Angus Kennedy (featuring Robert Miller)
2020 turned out to be a record year for IPOs despite widespread shutdowns. Over US$331 billion was raised globally, reflecting a 42% increase in volume from 2019. In the previous edition of this collection, we discussed the market trends underpinning this eventual breakout.
While we enter 2021 with much uncertainty it appears likely that record low-interest rates and extended periods of fiscal stimulus are here to stay. In this, the second instalment of our IPO collection (you can find #1 here) we reached out to 3 market experts to unpack the core trends they think will emerge going into 2021 in terms of IPOs, and the notable catalysts that will drive such shifts.
Dean Fergie, Cyan Asset Management
Certainly domestically, as the economy moves into what we’d all hope is a stable, Covid-normal state, we’re likely to see less hype surrounding Covid tailwind style companies and a more balanced selection of companies come to market. There’s no doubt the benign performance of a number of IPOs in the past couple of months has tempered investors’ enthusiasm for new issues so I suspect it might be a slow start in 2021.
There are some well-publicised, long-term structural tailwinds born out of COVID (e.g. e-commerce, technology transformation, etc) which have resulted in IPOs coming to market perhaps years in advance of when they might have otherwise, or brought companies to market that may have never been an IPO candidate before. Equally, COVID has likely delayed or cancelled IPO plans for many businesses that suffered as a result of the pandemic, who have preferred to regroup and look at other avenues.
Universally, assets are priced off interest rates, hence record low rates have certainly had an impact upon current valuations. People have been saying for years that should interest rates normalise, then valuations will drop. That may be true, but perhaps the right question to ask is, what does it mean to have interest rates normalise? If low rates are likely to stay indefinitely, it is likely to be other external factors which drive valuations.
Regarding IPO trends in 2021, the only thing we could say is whatever trends were predicted 12 months ago would have turned out to be wrong, so in 12 months time from now, anyone who says they know would be guessing at best.
Our guess would be that the IPO window will take a breather, or shut at some point in 2021. There will always be quality companies looking to IPO for the right reasons but equally, will the marginal investor be willing to pay valuations pricing in ‘blue sky’ recovery or growth opportunities? We would prefer to be cautious and do not think the pace and ferocity of the 2H2020 IPO window is sustainable in 2021.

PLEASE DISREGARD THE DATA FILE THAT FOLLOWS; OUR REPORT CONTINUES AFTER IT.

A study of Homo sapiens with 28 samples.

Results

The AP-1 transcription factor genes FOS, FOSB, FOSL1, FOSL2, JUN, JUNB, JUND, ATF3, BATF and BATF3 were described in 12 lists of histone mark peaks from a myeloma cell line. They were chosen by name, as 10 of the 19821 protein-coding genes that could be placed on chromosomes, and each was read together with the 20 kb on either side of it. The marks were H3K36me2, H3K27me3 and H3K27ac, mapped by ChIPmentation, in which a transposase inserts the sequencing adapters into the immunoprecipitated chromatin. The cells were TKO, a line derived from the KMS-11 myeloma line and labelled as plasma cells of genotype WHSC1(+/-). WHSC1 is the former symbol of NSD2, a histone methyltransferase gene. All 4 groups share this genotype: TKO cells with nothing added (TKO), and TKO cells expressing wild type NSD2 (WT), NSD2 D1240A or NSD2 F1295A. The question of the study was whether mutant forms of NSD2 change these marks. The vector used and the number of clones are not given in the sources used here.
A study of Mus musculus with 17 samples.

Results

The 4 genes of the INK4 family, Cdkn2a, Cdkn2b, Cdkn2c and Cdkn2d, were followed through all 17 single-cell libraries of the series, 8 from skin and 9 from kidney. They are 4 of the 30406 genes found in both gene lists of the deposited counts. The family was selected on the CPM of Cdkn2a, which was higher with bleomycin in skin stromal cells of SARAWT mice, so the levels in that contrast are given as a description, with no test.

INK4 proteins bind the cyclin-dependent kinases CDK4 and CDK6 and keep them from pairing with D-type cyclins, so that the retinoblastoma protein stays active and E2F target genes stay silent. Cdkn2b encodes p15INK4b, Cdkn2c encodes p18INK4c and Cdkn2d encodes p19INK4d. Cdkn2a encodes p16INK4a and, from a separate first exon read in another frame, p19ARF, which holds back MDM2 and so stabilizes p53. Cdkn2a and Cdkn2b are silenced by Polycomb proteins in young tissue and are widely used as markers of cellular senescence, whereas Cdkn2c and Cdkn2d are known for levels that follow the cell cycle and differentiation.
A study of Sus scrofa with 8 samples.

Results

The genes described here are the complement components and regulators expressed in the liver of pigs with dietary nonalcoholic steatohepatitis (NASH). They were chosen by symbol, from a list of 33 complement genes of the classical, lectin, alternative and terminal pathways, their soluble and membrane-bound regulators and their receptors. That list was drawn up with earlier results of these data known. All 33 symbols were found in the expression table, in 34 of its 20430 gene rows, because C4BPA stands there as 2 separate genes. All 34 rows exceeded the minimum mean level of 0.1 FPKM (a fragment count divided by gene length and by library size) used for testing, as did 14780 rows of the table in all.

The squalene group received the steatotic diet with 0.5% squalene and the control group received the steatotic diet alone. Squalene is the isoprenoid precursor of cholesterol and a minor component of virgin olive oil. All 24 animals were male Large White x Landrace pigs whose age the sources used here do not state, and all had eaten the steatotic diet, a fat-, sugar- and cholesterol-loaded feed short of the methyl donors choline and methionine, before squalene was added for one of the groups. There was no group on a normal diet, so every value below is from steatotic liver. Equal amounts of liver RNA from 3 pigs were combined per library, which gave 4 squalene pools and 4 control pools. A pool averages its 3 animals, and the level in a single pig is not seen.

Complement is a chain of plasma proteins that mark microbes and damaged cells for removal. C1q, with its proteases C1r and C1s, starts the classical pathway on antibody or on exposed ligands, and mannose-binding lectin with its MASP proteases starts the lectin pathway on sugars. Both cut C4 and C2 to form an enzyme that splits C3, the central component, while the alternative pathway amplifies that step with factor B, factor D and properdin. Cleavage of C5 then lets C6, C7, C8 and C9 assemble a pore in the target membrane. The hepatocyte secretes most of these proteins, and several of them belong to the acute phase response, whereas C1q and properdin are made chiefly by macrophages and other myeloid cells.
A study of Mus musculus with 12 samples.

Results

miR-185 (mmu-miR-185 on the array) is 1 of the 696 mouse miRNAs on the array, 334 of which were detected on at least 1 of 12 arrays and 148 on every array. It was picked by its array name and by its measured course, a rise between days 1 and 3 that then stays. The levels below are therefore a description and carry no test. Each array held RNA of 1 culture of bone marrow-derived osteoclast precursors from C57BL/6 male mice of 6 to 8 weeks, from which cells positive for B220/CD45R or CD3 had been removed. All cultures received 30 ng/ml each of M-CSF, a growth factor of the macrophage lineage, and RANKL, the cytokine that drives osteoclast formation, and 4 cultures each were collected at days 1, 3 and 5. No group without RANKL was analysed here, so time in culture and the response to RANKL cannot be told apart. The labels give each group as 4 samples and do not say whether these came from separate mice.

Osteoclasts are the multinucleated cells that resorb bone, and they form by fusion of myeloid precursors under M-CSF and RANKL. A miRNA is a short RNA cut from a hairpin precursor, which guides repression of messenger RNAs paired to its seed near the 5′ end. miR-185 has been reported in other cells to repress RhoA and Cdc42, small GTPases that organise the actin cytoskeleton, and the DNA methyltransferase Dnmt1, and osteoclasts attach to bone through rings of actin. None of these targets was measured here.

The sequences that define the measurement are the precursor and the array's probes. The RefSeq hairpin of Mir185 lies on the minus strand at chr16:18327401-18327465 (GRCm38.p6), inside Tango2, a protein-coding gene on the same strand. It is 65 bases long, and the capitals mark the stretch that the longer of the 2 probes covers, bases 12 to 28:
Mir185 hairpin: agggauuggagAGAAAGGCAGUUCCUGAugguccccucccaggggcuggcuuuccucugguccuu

Martin Pretty, Equitable Investors
The footnote to the description of a buoyant 2020 for IPOs is that the market has appeared to take a more discerning approach in the last few weeks. We have had several IPOs cancelled and ready-made meals company YouFoodz got its listing away but then fell 25% on its first day.
I would like to think that there is more than just fatigue at work. A common structure to fund companies preparing to IPO has been to conduct a "pre-IPO" raising where investors commit capital that will be converted to shares at a discount to the IPO price. Quite often that discount is around the 20% mark. It was probably a healthy sign that just recently the market did not support a proposed IPO with convertible notes on issue that were to be converted to ordinary shares at a 50% discount to the IPO price.
December 2020 may have set up a 2021 where IPOs are structured and priced with a little less hype and more discipline and conservatism. Low interest rates will certainly continue to force investors to look at equities, including IPOs. Equities are trading at a spread of about 4% on government bonds if you use the sharemarket's earnings yield so even if interest rates increase a little, equities should remain attractive - remembering that the earnings yield used to trade on par with interest rates before the GFC and the era of low interest rates.
Takeover activity also appears to have heated up and if it continues into 2021, it will put cash back into the hands of investors looking for opportunities to redeploy it.
Naturally, much of the discussion around what markets will look like in 2021 hinges on how the Covid situation evolves. On this note, each of our experts believes it is unlikely markets will have the appetite to maintain the explosive growth experienced during the back-end of 2020. Despite extended periods of investor enthusiasm, it appears as though a period of IPO fatigue is inevitable, so prospective public companies may have to reconsider how they are looking to raise capital during in year ahead.